At work on Monday afternoon, I spent six and a half hours single-handedly doing this:
I think it looks nice, but unfortunately an entire office of new laminate furniture smells like new furniture–i.e. it smells like what is probably formaldehyde with some pine scent thrown in. I have a sensitive respiratory system, and because of my defective repair gene and all, I’m kind of paranoid about ingesting and inhaling toxins. I’m already not a fan of how close our building is to a busy roadway, or the amount of fumes that I’m now exposed to on my daily commute, which consists of standing for many minutes at high-traffic intersections before getting on buses that constantly stop and open their doors at other busy intersections. So adding to my carcinogen load has not been at the top of my list of things to do. Was I just imagining my headache and burning eyes by the end of Wednesday and Thursday or were they real? Were they due to sitting at my new desk, or just a result of sleep-deprivation and PMS?
Because I’m generally a people pleaser, I hate to be the annoying Debbie Downer who points out, everytime someone walks in the door, happily takes a big breath and says “oh, it smells so GOOD in here,” that in modern times, GOOD is what POISON smells like.* But I have been making it a point to open all the doors and windows in our office to vent the good smell. Unfortunately, all the doors and windows open onto our beautiful courtyard, which is equipped with no less than eight benches with concrete ashtrays next to them. More than any other place on campus, this courtyard implies that one should sit, gaze at the pretty fountain, and smoke up a storm.
At the time of my cancer diagnosis, I was going to an applied art school in Australia and had just declared printmaking as my emphasis. My work showed potential, and I LOVED doing it. I woke up in the morning excited about going to the studio, even when I wasn’t feeling well. It gave meaning to my days. After my surgery, I only went to the studio to clean up my supplies. I still have several unfinished plates that haunt me (all my unfinished creative projects haunt me.) I could use turpentine alternatives and non-toxic inks (that were never quite as good as the real thing), but almost any studio is shared. Potent cleansers are needed to clean the silk screens and resin dust is needed to coat metal plates for etching. I left because I couldn’t feel safe there anymore. Because my surgery scar was still fresh and everyone was still shocked and scared by my close call, this didn’t seem like a militant move, it seemed like a no brainer.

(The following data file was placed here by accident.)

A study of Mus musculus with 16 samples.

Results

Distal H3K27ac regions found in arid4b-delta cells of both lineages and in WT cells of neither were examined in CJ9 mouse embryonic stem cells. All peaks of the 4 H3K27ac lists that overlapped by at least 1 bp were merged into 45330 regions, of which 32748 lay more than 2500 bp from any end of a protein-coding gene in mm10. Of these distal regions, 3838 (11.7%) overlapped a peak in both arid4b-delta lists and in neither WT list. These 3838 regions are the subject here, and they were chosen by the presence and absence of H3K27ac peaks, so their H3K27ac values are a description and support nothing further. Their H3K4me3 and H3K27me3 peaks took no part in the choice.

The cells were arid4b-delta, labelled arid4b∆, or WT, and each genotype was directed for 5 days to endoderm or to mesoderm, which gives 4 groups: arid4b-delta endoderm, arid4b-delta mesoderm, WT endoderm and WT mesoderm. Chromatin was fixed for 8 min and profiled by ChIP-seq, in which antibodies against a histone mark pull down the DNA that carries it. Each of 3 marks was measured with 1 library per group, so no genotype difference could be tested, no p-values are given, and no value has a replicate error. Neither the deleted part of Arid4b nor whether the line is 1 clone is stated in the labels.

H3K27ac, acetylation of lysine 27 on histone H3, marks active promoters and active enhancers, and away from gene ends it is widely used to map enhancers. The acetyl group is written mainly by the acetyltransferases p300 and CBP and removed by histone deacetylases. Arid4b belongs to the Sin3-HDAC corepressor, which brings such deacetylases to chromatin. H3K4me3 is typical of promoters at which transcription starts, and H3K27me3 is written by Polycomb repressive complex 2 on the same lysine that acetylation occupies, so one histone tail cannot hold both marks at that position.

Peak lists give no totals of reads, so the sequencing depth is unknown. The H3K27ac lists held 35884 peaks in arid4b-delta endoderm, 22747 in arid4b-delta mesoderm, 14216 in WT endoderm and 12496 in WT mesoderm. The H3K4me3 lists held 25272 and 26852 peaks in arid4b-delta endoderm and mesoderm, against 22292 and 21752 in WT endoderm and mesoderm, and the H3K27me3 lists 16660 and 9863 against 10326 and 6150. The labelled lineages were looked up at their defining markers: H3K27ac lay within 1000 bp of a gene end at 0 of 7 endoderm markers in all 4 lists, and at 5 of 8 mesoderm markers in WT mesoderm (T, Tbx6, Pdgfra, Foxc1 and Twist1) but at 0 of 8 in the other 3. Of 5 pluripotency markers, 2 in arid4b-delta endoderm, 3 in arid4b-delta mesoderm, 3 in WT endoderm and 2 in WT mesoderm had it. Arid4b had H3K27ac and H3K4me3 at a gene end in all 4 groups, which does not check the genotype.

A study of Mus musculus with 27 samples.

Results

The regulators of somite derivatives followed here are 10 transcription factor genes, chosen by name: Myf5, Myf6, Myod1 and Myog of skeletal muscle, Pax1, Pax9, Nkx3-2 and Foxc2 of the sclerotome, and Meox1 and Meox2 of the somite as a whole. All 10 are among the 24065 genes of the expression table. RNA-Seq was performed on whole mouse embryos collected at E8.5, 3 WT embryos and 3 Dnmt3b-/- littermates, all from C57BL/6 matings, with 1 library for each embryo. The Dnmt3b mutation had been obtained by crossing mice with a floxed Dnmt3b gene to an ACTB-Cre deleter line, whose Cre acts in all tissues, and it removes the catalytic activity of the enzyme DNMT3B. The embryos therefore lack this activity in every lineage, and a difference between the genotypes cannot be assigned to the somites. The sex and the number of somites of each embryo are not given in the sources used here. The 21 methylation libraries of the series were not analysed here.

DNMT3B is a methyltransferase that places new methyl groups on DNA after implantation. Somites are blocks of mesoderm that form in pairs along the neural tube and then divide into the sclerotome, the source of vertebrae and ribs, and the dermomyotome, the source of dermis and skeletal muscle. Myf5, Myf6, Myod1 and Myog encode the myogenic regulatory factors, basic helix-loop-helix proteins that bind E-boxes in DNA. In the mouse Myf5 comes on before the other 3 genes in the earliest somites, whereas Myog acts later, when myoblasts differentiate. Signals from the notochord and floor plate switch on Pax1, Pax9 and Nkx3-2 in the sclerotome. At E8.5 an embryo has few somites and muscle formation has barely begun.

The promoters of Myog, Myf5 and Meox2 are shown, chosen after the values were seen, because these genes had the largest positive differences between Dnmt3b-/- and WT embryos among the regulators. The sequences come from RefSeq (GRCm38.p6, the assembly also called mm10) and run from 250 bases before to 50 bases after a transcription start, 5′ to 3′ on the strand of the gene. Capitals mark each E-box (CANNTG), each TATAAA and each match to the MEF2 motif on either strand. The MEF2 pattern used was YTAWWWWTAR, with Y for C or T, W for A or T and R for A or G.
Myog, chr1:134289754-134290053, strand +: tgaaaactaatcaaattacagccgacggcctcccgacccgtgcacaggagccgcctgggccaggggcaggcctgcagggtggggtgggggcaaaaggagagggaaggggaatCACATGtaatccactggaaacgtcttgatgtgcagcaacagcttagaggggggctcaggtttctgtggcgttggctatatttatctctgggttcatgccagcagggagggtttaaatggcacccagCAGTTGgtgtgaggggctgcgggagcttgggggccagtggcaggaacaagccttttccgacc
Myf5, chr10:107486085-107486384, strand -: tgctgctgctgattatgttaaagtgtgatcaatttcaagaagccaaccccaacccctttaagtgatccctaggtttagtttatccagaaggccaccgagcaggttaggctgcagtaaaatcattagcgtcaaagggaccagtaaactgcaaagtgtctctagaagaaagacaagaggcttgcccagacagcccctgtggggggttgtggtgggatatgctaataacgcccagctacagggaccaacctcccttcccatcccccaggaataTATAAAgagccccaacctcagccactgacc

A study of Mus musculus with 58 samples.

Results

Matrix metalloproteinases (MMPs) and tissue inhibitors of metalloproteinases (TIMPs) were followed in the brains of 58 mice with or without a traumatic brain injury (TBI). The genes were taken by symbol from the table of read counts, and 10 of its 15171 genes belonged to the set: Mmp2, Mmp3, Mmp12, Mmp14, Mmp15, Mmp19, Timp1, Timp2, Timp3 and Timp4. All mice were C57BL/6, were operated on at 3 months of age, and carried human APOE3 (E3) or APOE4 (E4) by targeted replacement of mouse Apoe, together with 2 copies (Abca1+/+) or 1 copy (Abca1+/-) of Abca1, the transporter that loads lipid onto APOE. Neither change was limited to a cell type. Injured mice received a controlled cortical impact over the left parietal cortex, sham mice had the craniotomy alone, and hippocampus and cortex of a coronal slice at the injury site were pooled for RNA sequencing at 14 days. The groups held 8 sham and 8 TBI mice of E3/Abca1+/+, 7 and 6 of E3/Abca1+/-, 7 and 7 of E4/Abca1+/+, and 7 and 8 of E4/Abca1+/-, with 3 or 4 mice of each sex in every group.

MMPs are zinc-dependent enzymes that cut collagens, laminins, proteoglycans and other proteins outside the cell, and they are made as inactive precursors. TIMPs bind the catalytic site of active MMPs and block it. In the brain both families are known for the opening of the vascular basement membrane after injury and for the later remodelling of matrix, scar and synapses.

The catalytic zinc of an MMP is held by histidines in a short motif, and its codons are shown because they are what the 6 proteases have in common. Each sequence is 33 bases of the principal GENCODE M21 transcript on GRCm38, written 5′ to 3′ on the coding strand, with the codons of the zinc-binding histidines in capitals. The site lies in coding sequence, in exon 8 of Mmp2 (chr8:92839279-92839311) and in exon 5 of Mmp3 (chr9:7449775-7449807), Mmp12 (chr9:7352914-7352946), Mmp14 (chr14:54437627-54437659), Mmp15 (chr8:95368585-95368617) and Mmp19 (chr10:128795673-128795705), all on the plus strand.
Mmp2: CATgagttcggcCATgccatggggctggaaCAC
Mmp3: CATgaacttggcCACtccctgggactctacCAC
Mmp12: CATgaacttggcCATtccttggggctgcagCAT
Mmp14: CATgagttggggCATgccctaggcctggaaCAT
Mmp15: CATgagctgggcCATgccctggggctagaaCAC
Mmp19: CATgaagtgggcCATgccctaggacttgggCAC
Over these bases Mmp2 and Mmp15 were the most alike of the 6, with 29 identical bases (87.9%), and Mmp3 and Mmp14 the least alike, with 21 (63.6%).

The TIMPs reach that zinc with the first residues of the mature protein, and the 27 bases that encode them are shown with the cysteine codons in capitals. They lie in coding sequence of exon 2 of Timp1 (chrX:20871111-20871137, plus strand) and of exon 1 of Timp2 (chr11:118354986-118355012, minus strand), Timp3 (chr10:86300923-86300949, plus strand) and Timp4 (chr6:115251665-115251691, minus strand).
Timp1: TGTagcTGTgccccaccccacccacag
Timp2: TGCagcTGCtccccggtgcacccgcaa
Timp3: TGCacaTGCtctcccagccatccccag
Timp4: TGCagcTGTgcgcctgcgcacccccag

I decided my new creative outlet / career could be writing (structured differently, this blog post could be called “how I chose to become a writer”). It seemed a good answer for someone living with compromised health. I could do it from home. Writing wouldn’t have fumes, like art, and it wouldn’t have the high stress and long hours of my former work in event production. Working from home, I would be able to control my diet, make fresh veggie juices three times a day, and exercise.
Cue Alanis Morissette song having to do with irony here, sung by the girl who hasn’t juiced in months, worked out in weeks, gone to bed before 1 am in years.
Day to day, I’m not unhappy. My life has structure, part of me thrives on busy jobs, and deadlines, but there was a time I promised that I was going to take care of myself, and I have to admit that I’ve compromised on that quite a lot. The addition of one more element–like bad air– kind of throws the whole picture up on the screen, and makes me have to look at it again.
(*Know what smells good to me? The smell of lighter fluid on charcoal briquettes. This, in my childhood, was the smell of a cooked-out hamburger. It was the smell of happiness. I’m sure that’s in no way related to colon cancer twenty years down the line, but just as an example of things that smell good that are not good for us.)